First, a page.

John Arlott called him ‘the most variously gifted Englishman of any age,’ and Arlott, conjuring his musty magic from an old typewriter set next a glass of something good and red, was probably right. The sheer unlikeliness of CB Fry continues to astonish, more than half a century after his death.
Had he confined himself to the cricket field, his 30,000 first class runs, made from 1892 to 1921, would still have secured his legend. On the bombshell pitches of the Victorian era, Fry averaged 50.22, a mark that today would make him a high-class player but back then, as the modern game was beginning to appear, made him a genius. Only his great friend Ranjitsinhji averaged more, and he was a Prince. England did not lose under Fry’s captaincy, and the six consecutive first class hundreds that he hit in 1901 has never been surpassed – The Don and Mike Proctor have equalled it, but it is a feat of batsmanship that has eluded everyone else from Boycott to Tendulkar.
Yet cricket was a sidebar to the rest of his life, which reads as if it was invented by Monty Python. He was a golden god long before the phrase was thought of, and in his golden youth he was known not just by his initials, which were as recognisable as WG’s, but as ‘Charles III’ (after a cartoon of him that appeared in Vanity Fair in 1894), ‘Lord Oxford’ and simply ‘Almighty’. He was physically beautiful enough to be described as ‘the handsomest man in England’ and academically gifted too – his ‘gentleman’s fourth’ in Classics from Wadham College Oxford came only after his first mental breakdown. And then there was everything else: He equalled the world long jump record, appeared in the 1902 FA Cup Final, played rugby for the Barbarians, stood as an MP, became an advisor to the League of Nations (where he may or may not have been offered the throne of Albania), launched and edited two magazines, invented the concept of the sporting star’s newspaper column, was the fifth person to appear on This Is Your Life (when his guests included Jack Hobbs and SF Barnes), taught at Charterhouse and became a captain in the navy reserve.
His party trick was to jump backwards onto a mantelpiece from a standing position.
He engaged in a bizarre marriage, probably for money, to a terrifying woman named Beatrice who was 10 years older than him and who’d had a lover called Charles Hoare since the age of 15. Mental illness shadowed his limitless gifts. He first endured it at university, but the real horrors descended later in life, when he fell in thrall to Hitler. He tried to persuade von Ribbontrop that Germany would produce ‘a blond Grace’ should the Reich take up cricket, and developed an irrational fear of Indians despite his lifelong friendship with Ranji. He dressed eccentrically, suffered paranoid episodes and was once found running naked on Brighton beach.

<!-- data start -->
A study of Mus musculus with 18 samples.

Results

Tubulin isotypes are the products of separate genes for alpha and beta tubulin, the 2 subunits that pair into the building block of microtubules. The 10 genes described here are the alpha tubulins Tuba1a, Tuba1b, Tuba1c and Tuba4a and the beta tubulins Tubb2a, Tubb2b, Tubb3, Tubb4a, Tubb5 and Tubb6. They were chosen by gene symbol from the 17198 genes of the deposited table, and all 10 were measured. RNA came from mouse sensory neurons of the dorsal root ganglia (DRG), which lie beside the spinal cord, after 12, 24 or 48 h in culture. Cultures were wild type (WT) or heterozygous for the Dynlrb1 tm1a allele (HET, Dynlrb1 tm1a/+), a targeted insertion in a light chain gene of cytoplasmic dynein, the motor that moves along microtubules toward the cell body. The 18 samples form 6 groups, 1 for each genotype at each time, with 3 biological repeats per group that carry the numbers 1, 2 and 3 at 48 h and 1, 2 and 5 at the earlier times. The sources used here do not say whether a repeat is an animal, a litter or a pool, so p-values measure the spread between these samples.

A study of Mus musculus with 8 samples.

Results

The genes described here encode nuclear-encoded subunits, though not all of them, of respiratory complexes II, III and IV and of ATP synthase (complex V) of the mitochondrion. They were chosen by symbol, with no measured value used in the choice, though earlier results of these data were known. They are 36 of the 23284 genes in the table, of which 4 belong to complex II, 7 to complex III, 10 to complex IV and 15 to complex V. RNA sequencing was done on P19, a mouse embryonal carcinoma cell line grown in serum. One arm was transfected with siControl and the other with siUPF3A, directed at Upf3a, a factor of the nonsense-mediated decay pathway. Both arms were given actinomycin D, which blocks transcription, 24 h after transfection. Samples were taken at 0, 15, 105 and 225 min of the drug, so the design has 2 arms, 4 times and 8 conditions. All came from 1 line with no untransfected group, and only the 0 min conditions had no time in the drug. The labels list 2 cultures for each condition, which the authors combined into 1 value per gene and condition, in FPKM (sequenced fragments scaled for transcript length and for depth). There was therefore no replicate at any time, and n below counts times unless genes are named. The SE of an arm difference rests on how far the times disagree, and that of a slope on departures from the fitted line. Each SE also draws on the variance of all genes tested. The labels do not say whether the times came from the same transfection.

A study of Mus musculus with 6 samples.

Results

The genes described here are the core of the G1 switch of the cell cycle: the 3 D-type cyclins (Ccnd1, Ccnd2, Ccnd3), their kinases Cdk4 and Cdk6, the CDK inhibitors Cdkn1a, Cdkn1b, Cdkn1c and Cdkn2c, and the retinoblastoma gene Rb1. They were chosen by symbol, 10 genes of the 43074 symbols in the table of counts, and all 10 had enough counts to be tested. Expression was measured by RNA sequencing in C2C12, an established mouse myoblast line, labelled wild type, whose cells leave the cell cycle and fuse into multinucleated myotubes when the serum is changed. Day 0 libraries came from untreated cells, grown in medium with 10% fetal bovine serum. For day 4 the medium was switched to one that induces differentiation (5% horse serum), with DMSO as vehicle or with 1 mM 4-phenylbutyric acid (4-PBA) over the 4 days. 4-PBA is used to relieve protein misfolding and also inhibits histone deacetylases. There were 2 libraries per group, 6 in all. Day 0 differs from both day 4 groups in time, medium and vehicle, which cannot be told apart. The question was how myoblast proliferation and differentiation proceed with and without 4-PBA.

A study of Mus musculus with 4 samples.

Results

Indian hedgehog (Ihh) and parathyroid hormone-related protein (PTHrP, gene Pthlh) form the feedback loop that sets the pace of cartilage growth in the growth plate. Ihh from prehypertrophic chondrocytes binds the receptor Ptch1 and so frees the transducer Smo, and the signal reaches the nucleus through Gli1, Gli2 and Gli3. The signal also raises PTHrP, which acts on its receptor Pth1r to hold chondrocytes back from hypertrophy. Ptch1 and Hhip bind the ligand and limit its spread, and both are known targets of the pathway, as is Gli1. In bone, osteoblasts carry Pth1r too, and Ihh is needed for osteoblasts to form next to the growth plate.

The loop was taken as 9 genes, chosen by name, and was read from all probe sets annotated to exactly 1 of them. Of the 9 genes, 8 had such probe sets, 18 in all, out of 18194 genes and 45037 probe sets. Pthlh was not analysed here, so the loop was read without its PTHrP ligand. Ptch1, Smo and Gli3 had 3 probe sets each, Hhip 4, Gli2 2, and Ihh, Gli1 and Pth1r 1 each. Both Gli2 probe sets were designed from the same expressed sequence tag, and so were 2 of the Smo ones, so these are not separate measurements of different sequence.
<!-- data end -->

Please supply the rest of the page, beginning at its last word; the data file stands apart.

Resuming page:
It was an epic life with a great sad sweep to it. A long time ago, my dad and I found a copy of Ranjitsinhji’s Jubilee Book Of Cricket in a junk shop. It’s a beautiful thing, one of those childhood objects that, when I pick it up, immediately transports me. It was only a few years back that I discovered that Fry probably wrote most of it. CB seems almost as distant as that book now. Life and sport have become atomised, and you just can’t do everything any more.
Fry died in Hampstead in 1956. In his obituary, Neville Cardus had these last words:
‘Fry must be counted among the most fully developed and representative Englishmen of his period; and the question arises whether, had fortune allowed him to concentrate on the things of the mind, not distracted by the lure of cricket, a lure intensified by his increasing mastery over the game, he would not have reached a high altitude in politics or critical literature. But he belonged – and it was his glory – to an age not obsessed by specialism; he was one of the last of the English tradition of the amateur, the connoisseur, and, in the most delightful sense of the word, the dilettante.’